Mama Sally: In my job as a professional dog trainer, I’m often working with families. Almost all parents of young children that I encounter feel completely overwhelmed with the stress of life, jobs, family, school, activities and dog. Dogs and puppies can be a blessing and most decidedly a curse for overwhelmed parents. Dogs can be very rough on young children in the home, which can add volumes to stress levels for overworked parents. Juggling kids and dogs can be a bit tricky to be sure!
To help make things easier at home once your dog is part of the family, I often help set up schedules and routines for families, so that things can be more predictable, and families can make the most of positive interaction between kids and dogs. Here are some general things that will help:
- Dogs interact better with children when the dog has had some decent exercise. Why not take a family walk together, either right after school or right before or after supper? That way, the kids and the dog are both tired by the time you get back home! You can make that a great time to catch up on everyone’s day, teach your kids about the importance of exercise, and play fun “I Spy” types of games as well as train/exercise your dog at the same time!
- Think short segments of time. Everything seems manageable when it’s a short time. You can let the kids and dog play together for 15-20 minutes at a time and that helps keep things from ramping up into rough play together.
- Few families have extra time in the morning, so try to use your confinement area or crate to help corral the dog while you’re getting the family up and out the door. No one wants to start their day scolding the dog for chasing or nipping the kids at breakfast!
- Keeping the dog leashed around the children will eliminate a whole lot of problems!! He will be corrected every single time he misbehaves, and he will learn to respect these little humans who seem to have such value in the home! Children and dogs should never be left alone together, so if you can’t involve yourself to oversee things, be sure that you confine the dog until you can.
- Likewise, kids will be kids, so your dog needs to have you protect him from kids who poke, prod, hit and pull! Even a very tame and gentle dog will respond when they’ve had enough. Sometimes that response comes with an ugly bite, so please be very vigilant with kids and dogs together! It’s not fair or realistic to expect a dog to “just take it” when the kids hurt or annoy him. Leaders protect!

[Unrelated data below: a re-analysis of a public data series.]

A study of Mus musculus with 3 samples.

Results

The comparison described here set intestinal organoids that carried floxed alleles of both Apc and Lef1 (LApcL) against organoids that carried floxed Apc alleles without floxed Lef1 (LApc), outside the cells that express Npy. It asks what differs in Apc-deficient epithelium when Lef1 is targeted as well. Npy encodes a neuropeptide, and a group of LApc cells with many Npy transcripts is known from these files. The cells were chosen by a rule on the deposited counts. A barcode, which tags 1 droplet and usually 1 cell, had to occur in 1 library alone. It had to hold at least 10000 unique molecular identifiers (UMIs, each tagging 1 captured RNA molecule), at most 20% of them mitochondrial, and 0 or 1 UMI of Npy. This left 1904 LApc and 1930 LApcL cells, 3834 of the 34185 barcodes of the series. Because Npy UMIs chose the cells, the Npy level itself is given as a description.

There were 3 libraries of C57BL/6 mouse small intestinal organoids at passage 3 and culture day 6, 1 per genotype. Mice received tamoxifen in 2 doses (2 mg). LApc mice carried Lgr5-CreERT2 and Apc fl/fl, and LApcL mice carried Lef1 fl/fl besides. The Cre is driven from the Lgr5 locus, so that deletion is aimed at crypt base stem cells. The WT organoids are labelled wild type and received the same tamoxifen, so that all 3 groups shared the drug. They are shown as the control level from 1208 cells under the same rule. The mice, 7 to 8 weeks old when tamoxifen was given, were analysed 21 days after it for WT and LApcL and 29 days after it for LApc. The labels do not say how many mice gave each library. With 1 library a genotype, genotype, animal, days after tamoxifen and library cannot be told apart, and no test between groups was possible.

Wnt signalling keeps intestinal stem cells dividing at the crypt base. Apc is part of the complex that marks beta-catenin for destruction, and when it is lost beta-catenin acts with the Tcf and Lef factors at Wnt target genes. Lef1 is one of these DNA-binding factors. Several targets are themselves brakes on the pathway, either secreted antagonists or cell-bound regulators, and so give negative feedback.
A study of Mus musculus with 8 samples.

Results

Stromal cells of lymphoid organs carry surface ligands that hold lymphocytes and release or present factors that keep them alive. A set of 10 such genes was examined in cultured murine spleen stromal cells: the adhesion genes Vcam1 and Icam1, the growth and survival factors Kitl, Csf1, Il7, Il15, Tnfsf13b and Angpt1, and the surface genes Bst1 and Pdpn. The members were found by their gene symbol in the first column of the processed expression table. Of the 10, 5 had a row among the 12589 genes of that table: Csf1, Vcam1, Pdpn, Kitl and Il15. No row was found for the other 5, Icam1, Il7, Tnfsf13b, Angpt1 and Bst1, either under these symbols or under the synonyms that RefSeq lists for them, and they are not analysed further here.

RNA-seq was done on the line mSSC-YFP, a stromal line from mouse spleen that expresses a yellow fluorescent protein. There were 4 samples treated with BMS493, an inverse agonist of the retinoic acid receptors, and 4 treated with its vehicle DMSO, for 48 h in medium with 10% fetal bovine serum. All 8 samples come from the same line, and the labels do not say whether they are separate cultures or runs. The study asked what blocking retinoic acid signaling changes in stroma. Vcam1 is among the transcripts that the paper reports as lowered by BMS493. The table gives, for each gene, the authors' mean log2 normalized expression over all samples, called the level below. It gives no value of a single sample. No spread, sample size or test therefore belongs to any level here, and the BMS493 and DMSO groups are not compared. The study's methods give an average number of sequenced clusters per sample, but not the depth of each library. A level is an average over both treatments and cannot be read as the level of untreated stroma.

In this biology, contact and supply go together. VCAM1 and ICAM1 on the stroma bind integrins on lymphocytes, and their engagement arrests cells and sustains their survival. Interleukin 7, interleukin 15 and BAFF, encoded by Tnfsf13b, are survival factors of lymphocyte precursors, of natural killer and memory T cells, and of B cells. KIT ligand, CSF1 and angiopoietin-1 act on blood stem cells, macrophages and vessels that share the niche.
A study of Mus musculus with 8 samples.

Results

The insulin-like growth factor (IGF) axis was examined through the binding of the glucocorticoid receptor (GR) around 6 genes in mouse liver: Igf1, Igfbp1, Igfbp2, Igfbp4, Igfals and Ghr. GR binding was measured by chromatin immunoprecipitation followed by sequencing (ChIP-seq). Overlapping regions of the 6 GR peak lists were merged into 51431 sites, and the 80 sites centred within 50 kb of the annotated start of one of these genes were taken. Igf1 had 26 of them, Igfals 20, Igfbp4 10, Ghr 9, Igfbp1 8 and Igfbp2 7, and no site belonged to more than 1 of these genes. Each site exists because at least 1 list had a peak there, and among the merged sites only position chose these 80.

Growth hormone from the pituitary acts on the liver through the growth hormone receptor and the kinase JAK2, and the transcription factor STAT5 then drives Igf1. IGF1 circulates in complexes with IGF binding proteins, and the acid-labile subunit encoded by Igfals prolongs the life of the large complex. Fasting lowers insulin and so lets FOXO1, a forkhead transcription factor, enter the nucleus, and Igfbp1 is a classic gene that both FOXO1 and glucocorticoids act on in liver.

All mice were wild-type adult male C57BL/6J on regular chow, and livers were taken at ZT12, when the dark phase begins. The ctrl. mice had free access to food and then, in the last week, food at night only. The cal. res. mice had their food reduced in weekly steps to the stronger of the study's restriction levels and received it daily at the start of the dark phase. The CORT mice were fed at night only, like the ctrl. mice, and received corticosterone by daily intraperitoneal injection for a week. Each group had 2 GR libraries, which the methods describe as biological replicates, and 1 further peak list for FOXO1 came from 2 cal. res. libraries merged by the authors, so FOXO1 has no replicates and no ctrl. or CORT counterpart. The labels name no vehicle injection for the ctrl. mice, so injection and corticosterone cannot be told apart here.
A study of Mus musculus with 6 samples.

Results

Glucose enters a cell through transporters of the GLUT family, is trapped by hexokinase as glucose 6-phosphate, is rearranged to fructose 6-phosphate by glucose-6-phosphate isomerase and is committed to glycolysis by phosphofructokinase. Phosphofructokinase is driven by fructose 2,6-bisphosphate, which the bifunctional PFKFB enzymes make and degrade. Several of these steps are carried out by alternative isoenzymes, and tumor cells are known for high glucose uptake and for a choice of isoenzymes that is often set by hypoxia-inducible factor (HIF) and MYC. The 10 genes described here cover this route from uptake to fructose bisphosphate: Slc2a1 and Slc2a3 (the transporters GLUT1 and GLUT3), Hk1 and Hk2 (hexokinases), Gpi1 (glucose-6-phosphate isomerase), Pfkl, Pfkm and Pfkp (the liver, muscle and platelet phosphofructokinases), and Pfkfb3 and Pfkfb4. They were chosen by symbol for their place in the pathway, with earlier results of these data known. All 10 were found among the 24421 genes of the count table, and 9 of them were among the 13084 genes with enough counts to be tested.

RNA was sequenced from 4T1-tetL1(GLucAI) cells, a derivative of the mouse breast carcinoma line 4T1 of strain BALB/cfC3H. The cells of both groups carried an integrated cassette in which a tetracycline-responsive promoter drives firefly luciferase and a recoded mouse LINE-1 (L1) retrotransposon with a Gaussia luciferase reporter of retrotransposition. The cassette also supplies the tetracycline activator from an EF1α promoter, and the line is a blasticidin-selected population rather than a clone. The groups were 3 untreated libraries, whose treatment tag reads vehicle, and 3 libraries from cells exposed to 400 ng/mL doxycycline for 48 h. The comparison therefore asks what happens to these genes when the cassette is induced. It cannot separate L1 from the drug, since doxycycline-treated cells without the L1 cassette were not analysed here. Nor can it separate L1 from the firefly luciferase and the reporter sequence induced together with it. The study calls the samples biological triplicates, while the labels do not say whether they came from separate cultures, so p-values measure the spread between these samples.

- Plan ahead to get that optimal experience. Limit the exposure between your kids and your dog until both of them understand the rules and can consistently follow them. Until that happens, oversee things to keep everyone safe and you’ll also minimize bad habits from forming.
Rugby James: Well, when I came to live wif the Mama, the Lindsay was purty much all growed up. I really doesn’t has any good experience wif lil Uprights on account of the Mama doesn’t have any of them. But, I can tell you that I know part of the problems doggers has wif kids is on account of kids is unpredictable. They doesn’t always follow rules what they get taught. I doesn’t know any dogger what likesa have his ears or wagger pulled, or even his furs! Sumtimes kids poke doggers in their eyes, and that just hurts! They pet nicely one time, and hit or pull the very next. How’s a dogger supposed to know what treatment they will get?
I know I always likesa know what comes next. I likesa have a routine for my day and sumping what I can count on and know it will be the same way every time. I needsa know that I’m gonna be safe and that sumpawdy will protect me from getting hurt or scared. Uprights gotsa stay on top of fings wif their doggers sos we can learn the rules.
When I first comed to live wif the Mama, she putted me on a leash all the time and gived me a good schedule sos I could learn that I would have regular food, play, walks, training and sleep. That’s what makes a dogger feel secure and safe and then they can trust their Uprights.